By Kim Kwang-tae
SEOUL, Oct. 1 (Yonhap) -- South Korea has room for further rate cuts, a top OECD official has said, as Asia's fourth-largest economy is struggling to cope with slowing exports and weak domestic demand amid trade friction between the United States and China.
The Bank of Korea kept its key interest rate unchanged at 1.5 percent in its August meeting, about a month after it slashed the key rate by a quarter percentage point in its first rate cut in three years.
The South Korean central bank is set to decide on Oct. 16 whether to cut the key interest rate.
The central bank has been under growing pressure to further trim the policy rate given increased downside risks and record low inflation, a perfect combination for monetary easing, though there could be some unwanted outcomes, such as ballooning household debts.
"In the case of Korea, there is still some space to cut rates and also having this space means that you have some flexibility," OECD Deputy Secretary-General Masamichi Kono said in a recent interview with Yonhap News Agency in Seoul.
"It's a very good thing because in many other countries -- Europe, America and Japan -- there is a very little room for adjustment. But in Korea, you still have that."
Kono said South Korea needs to have an accommodative monetary policy and use some fiscal space to increase spending to support the economy and structural reform.
His comments came days after the Organization for Economic Cooperation and Development (OECD) slashed its growth outlook for South Korea's economy this year to 2.1 percent from its previous forecast of 2.4 percent in May.
Growth in South Korea has slowed by more than expected this year, in part due to persistently weak global trade and soft import demand in China, the OECD said in its report.
Kono said South Korea's recent decision to increase fiscal spending is welcomed. In August, South Korea proposed a record 513.5 trillion-won (US$423.7 billion) budget for 2020 to boost its slowing economy.
The expansionary budget -- which needs parliamentary approval -- represents a 9.3 percent hike from 2019 and marks the second straight year that the budget proposal has risen by more than 9 percent.
Kono said a slowdown in trade is a concern for South Korea as about 40 percent of exports goes to the United States and China -- South Korea's top two trading partners.
"If the U.S. and China do not reach an agreement on the trade tensions and trade issues, this might be really a concern for the Korean economy," Kono said.
South Korea's exports fell 11.7 percent on-year to US$44.7 billion in September, extending their on-year decline to a 10th consecutive month due to weak prices of semiconductors and the yearlong trade row between the U.S. and China.
By country, the country's exports to China, its biggest trading partner, fell 21.8 percent on-year, and those to the U.S. fell 2.2 percent over the cited period. The world's two largest economies are also South Korea's top two trading partners.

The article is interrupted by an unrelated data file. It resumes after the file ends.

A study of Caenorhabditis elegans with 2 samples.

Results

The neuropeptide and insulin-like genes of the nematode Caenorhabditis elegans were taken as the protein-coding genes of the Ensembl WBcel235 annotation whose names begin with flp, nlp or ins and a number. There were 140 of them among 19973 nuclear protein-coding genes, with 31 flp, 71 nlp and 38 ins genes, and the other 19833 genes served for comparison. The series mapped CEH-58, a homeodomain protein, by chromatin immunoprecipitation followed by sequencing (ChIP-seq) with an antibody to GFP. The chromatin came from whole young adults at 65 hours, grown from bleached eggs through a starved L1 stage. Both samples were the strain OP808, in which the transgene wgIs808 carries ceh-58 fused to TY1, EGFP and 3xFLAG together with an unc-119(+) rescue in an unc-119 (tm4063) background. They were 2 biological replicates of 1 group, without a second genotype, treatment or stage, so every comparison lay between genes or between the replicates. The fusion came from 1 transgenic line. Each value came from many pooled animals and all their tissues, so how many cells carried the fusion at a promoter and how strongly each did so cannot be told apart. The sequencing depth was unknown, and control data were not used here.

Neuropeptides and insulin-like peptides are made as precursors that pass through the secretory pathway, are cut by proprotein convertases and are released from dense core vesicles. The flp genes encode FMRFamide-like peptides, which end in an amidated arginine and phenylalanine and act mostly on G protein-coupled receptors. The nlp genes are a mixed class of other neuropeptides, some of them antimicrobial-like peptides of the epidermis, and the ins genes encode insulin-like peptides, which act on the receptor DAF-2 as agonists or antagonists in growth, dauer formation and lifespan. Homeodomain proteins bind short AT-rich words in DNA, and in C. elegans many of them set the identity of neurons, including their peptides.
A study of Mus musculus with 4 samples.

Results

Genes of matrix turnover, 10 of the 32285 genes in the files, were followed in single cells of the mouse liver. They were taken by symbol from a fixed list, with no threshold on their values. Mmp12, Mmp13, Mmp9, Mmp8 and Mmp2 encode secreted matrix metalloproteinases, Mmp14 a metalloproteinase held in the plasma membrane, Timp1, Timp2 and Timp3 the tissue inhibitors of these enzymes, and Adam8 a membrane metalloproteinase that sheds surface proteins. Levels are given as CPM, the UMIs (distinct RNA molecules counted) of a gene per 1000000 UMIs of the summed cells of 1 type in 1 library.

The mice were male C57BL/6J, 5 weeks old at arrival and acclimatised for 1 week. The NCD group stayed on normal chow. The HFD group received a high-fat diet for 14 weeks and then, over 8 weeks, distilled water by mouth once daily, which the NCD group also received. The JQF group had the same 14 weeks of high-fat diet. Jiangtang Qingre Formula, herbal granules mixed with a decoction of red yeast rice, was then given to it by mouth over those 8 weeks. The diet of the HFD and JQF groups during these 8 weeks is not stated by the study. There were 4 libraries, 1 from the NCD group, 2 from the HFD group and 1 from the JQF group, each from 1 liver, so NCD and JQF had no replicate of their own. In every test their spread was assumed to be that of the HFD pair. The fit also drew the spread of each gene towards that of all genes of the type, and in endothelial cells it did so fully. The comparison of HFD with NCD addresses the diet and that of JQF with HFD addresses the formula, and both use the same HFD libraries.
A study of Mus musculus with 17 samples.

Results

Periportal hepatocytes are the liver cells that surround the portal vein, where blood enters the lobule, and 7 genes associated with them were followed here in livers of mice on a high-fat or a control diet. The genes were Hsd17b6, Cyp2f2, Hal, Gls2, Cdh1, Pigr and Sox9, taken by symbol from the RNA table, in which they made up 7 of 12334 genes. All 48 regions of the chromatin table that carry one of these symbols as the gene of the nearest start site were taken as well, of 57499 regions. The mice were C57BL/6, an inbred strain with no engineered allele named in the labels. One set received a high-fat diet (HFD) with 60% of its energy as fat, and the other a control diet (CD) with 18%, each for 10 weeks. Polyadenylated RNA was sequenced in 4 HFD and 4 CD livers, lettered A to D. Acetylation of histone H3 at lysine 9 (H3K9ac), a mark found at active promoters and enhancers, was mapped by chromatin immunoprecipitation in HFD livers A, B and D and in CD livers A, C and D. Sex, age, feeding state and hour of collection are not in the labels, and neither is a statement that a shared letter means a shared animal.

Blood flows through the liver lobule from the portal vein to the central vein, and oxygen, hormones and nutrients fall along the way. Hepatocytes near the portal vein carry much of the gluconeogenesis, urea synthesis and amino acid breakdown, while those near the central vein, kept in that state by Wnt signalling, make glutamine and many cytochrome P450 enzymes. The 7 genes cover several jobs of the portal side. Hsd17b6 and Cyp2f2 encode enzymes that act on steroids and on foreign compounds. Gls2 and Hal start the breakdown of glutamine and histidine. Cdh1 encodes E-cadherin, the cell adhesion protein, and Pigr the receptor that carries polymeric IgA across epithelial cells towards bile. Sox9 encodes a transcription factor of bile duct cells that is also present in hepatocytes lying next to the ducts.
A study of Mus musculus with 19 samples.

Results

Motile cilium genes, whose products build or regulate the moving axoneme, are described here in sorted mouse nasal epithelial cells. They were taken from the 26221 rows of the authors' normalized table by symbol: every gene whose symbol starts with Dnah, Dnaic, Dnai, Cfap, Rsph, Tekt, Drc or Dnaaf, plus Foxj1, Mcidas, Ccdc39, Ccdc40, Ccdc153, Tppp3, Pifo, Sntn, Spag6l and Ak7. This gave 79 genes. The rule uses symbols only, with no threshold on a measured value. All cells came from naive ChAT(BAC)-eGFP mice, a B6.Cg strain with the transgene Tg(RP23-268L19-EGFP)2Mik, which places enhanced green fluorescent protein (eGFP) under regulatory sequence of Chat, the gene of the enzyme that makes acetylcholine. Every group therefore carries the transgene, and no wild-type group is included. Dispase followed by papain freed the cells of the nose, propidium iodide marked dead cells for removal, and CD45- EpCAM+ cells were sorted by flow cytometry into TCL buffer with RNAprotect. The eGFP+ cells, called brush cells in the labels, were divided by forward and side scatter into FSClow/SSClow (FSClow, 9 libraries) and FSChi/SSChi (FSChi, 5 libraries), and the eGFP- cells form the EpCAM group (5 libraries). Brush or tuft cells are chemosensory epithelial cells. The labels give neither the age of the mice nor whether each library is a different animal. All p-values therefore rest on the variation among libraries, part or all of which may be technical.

He said the South Korean economy is at a certain point in which Seoul needs structural change, noting South Korea has developed into an advanced economy very fast during its catch-up phase.
"But with the declining exports or at least the lower growth globally, you may need to adjust your economic model to a more domestic demand driven (model) to make your economy more sustainable in the longer term and cope with the demographic changes," Kono said.
South Korea is concerned that looming demographic challenges could pose a grave threat that undermines South Korea's growth potential and sustainable growth.
Statistics Korea forecast that the country's population is likely to reach 39 million in 2067, sharply down from 51.7 million in 2019. It said people aged 65 years or older could account for 46.5 percent of the country's population, which marks a sharp rise from the current 14.9 percent over the cited period.
A country is defined as a super-aged society when more than 21 percent of its people are 65 or older.
"What we really need to do now and urgently to make sure our pension systems, our social security systems, can cope with this demographic change ... we do need to transform our societies so that we have our economies adaptive to changes to demographics, longevity, fewer children and lower fertility, that is," Kono said. "All these are issues that are common to many other countries."
Kono said he is in favor of hiking the minimum wage for sustainable growth.
"If you want your growth to be sustainable and long lasting, you do need to raise the average wages. Otherwise, your economy will not have enough domestic spending power," he said.
South Korea raised its minimum wage 16.4 percent in 2018 and 10.9 percent this year, a sharp hike that some critics say has increased the burdens on businesses, especially microbusiness owners and the self-employed.
Kono said he cannot comment on how much increase is appropriate, but he thinks South Korea had a good reason to raise the minimum wage.
On a trade row between South Korea and Japan, Kono said the OECD just calls on its members to be supportive of a multilateral trading system but said it is a political issue that has to be resolved between Seoul and Tokyo.
Last month, South Korea filed a complaint with the World Trade Organization on Japan's curbs on exports of three key industrial materials that are critical for the production of semiconductors and flexible displays.
South Korea claimed Japan's measure is a discriminatory act directly targeting it and was apparent retaliation against last year's South Korean Supreme Court rulings ordering Japanese firms to compensate South Korean victims of forced labor during Japan's 1910-45 colonial rule of the Korean Peninsula.
Japan agreed to start consultations with South Korea. The two neighbors are expected to hold their first consultations over the issue in October, according to the Ministry of Trade, Industry and Energy.